Rick Scott, the velvet rope and my guy
An interesting question of freedom

Inflaming the masses, deleting comments, and responsibility

Crowley Political Report editor Brian E. Crowley was interviewed about social media and its impact on political discourse.

Below is the print web story as well as the broadcast story. 



By Mollie Reynolds, WPTV NewsChannel 5

WEST PALM BEACH, Fla. - For good or for bad, anybody and everybody with internet access has a venue to express his or her opinions.

"Everybody's online. Everybody has their own sliver of audience and things spread rapidly," said Brian Crowley of Crowley Political Report.

On his blog, Crowley reports on Florida politics as well as national politics. Although he gives people a platform to speak their mind, he knows that he has a responsibility. "Our policy is that if comments are over the top or too strong we don't allow them, we delete them."

Crowley thinks our political leaders need to help control the dialogue on these social media sites as well. "They listen to their leaders and react. Whether it's Republican or Democrat, conservative or liberal, they listen to these often harsh dialogues and then they react to those things, often more intensely than the politicians making the comments."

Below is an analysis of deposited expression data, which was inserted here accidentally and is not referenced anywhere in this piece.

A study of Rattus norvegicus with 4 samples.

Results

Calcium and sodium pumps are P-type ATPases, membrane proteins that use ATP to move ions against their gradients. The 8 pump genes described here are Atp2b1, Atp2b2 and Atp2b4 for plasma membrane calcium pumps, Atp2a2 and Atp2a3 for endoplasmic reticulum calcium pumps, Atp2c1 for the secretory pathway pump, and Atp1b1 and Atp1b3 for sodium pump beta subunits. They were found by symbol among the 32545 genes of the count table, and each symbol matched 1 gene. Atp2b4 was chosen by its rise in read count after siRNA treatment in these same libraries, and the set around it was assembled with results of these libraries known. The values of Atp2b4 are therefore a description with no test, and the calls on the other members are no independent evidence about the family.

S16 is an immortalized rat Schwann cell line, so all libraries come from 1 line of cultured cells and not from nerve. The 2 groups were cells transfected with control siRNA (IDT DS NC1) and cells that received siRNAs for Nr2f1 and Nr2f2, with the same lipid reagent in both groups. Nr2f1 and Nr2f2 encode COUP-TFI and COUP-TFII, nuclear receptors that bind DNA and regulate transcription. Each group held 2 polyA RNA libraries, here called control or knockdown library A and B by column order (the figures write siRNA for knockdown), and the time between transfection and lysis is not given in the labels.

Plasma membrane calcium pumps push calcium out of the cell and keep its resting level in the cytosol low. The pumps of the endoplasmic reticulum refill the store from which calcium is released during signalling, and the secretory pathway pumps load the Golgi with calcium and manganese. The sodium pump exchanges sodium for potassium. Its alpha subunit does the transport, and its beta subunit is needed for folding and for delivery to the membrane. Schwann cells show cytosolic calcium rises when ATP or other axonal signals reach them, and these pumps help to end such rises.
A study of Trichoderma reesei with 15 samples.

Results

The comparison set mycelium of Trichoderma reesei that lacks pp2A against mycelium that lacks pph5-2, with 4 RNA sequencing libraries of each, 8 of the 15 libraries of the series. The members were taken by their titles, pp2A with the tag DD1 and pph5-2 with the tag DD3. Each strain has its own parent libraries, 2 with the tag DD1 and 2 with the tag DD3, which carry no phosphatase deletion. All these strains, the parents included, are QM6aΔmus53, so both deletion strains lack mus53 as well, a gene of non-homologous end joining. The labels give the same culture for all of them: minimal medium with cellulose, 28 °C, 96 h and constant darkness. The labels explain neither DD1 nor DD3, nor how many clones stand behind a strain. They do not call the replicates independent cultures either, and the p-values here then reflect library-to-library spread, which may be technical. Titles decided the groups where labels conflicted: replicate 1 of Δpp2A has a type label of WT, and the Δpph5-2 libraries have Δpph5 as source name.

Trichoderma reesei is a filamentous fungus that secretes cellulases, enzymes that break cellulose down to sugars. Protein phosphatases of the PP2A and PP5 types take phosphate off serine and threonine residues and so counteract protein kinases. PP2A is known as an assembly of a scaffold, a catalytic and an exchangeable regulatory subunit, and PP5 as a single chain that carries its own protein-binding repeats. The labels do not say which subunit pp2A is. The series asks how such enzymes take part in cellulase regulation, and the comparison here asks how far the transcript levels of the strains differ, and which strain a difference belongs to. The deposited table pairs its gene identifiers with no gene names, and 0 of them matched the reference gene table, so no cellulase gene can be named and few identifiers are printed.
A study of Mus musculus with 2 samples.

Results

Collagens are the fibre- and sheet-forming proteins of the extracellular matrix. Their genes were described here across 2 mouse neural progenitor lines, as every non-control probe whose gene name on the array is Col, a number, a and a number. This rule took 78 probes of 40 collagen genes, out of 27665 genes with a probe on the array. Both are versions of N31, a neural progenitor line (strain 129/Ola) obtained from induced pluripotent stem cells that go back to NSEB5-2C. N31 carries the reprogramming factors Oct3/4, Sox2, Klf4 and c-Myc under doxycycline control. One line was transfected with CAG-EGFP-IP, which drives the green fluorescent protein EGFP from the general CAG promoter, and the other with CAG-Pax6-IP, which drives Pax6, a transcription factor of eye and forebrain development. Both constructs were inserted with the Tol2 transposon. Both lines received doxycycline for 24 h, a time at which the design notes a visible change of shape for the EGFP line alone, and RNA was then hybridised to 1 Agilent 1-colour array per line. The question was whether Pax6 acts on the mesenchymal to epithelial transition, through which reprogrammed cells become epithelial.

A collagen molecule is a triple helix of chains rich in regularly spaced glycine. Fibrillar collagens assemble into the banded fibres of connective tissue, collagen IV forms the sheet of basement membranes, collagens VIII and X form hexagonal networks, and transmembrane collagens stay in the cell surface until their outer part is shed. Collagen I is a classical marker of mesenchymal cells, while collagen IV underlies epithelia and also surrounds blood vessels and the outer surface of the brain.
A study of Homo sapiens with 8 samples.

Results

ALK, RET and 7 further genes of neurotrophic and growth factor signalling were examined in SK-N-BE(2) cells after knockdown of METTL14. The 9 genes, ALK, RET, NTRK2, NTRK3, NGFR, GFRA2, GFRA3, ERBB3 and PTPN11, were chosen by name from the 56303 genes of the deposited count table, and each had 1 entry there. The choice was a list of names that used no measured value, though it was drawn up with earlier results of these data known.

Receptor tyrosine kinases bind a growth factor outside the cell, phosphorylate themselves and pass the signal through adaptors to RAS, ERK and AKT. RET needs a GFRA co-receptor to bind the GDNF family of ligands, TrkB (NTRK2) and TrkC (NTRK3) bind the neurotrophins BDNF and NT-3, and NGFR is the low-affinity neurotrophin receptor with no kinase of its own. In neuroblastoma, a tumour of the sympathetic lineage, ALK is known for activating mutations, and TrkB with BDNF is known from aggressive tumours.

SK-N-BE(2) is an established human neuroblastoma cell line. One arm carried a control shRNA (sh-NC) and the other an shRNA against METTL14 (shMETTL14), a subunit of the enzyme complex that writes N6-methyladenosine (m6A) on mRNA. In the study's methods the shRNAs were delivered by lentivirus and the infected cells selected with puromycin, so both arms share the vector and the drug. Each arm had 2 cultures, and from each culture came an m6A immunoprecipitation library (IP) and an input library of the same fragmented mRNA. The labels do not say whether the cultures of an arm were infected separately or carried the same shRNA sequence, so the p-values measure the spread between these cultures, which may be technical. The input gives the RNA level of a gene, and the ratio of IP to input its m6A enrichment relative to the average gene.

With a website graphic that placed gun sight logos on a map of targeted congressional districts, it didn't take long for Sarah Palin to get pulled into this weekend's tragedy.

"I think it's terribly unfair to say Sarah Palin has anything to do with this shooting. But I will lump Sarah Palin and people on the right and left together with people who raise these inflammatory issues in inflammatory ways. That feeds into the social media and there are people out there who blog and put things on Facebook and Twitter and that don't see the context of those things," Crowley said.



Feed You can follow this conversation by subscribing to the comment feed for this post.

The comments to this entry are closed.